The benefits of a good cluster
Last year I was introduced to the idea of a creative cluster by Julia Cameron in Vein of Gold. Sadly, I didn't make much progress with Vein of Gold (sorry Julia – I’ll get there one day), but I really liked the idea of a small group of creative people coming together, not to critique each other’s work, but to act as a sounding board and offer support.
I spent a few weeks thinking about who I’d like to cluster with and how many clusterers should be involved. I wanted an ‘in-person’ cluster, which eliminated many wonderful and experienced writer friends in Australia, as well as several of my friends in Berlin who have heavy work or study commitments. I also considered whether or not I’d like to invite people who were working in different art forms. Most importantly, I wanted to cluster with non-judgemental people I could be vulnerable and honest with.
In the end, I approached two friends I’d met through Write Together Berlin, a group I started in 2015. Although we’re all writers, we have very different aspirations and projects. Gerlind Becker is a screenwriter of both German and English scripts, who also writes for education. Carly Dee is the editor and co-founder of BLYNKT Magazine, but her true love is writing for broadcast and spoken word. We meet once a month, notebooks in hand, and talk about our current projects and challenges. We brainstorm solutions and help each other set achievable goals. And we always have a good laugh and an enormous meal – crucial elements for clustering.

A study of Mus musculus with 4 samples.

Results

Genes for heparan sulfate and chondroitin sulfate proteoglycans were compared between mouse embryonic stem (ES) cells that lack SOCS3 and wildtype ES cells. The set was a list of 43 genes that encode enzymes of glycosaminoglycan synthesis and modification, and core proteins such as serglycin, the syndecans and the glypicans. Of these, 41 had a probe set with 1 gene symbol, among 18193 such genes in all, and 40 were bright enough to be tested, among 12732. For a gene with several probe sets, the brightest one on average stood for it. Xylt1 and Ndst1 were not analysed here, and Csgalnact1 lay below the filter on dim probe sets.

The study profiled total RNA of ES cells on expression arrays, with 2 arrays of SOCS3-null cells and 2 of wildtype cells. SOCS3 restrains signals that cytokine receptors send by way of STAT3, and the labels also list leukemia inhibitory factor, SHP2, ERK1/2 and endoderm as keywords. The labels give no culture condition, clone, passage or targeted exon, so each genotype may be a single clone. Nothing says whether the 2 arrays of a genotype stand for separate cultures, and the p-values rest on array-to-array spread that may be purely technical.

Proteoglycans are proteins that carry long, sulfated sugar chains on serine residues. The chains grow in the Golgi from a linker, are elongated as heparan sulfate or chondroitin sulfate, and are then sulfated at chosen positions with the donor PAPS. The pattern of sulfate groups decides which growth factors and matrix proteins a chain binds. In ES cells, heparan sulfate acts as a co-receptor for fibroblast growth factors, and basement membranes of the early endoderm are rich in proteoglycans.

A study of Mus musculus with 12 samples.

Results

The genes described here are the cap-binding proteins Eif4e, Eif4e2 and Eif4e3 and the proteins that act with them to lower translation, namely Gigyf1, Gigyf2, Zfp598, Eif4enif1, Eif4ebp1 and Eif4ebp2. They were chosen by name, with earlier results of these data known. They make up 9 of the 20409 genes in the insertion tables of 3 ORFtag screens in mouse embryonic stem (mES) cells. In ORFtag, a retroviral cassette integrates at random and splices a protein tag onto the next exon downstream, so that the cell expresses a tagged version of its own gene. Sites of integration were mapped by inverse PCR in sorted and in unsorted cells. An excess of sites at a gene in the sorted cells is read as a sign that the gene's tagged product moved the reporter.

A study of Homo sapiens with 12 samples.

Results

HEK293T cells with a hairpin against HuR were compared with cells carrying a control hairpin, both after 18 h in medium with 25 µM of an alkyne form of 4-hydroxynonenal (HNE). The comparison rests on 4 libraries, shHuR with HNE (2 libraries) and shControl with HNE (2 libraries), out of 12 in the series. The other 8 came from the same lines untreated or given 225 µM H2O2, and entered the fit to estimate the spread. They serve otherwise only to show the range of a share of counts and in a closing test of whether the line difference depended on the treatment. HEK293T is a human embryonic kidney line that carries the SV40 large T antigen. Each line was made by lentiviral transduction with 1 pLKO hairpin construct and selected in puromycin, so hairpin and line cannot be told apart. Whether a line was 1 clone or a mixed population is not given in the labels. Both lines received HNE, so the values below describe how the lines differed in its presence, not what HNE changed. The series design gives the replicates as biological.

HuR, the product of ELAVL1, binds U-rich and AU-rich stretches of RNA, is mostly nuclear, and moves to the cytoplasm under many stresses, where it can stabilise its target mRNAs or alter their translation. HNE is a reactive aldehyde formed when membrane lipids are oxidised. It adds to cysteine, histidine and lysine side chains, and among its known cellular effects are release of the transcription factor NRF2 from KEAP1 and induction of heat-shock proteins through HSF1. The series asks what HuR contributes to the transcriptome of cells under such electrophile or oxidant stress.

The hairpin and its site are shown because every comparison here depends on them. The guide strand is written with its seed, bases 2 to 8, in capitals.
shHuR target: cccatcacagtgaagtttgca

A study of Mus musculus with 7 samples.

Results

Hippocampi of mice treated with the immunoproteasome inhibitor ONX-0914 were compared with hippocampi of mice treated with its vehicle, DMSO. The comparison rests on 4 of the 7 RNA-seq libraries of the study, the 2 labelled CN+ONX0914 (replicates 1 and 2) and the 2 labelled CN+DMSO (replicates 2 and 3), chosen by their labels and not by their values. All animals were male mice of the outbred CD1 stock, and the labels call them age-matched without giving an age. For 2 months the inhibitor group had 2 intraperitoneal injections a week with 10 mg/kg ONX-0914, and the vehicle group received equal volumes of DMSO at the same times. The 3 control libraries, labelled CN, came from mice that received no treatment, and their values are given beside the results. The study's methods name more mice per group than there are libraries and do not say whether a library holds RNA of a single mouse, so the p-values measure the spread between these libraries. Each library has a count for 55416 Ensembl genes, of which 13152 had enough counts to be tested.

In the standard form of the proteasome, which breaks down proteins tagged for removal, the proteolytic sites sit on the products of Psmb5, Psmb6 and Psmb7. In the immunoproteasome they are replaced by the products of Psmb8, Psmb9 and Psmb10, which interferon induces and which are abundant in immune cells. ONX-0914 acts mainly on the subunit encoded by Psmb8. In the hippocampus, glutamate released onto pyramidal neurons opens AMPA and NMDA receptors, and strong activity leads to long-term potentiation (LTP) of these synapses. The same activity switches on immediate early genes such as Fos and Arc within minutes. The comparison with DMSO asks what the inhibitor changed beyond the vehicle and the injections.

About a month ago, we floated the idea of a ‘Cluster Camp’. We booked a house with three big rooms and a table we could work at. Despite the temptation of the enormous tv, the impossibly comfy couch and a sprawling garden, we were hugely productive. An extra night would have been ideal to give us two uninterrupted writing days, but we still managed to get our work done, lollop around a bit, have some great conversations, cook, go out for dinner and fit in some local sight-seeing. And we managed all this without getting out of bed before 9.30am.
What kept us focused was having a specific goal for the weekend. To keep ourselves accountable, on Friday evening we told each other what we’d be writing, and what we hoped to achieve. The others were working on existing projects, but I decided I’d have a little holiday from my novel. Instead, I wrote a collection of short stories – one for each track on the Susanne Vega album Solitude Standing. I’d prepped before the camp by listening to the album, printing off the lyrics and grouping the songs into three sections: the Odysseus stories, the Luka stories and the Midnight Picnic stories. By Sunday morning, I had an album of microfiction.
I have no aspirations for the collection – it was written purely for joy and the challenge. Completing a project over one weekend has refuelled me, and given me the energy I need to finish the second draft of my novel. I’m looking forward to our Summer Cluster Camp, to get the next mini-project out of my head and onto the page. Thank you, Gerlind and Carly, for clustering with me!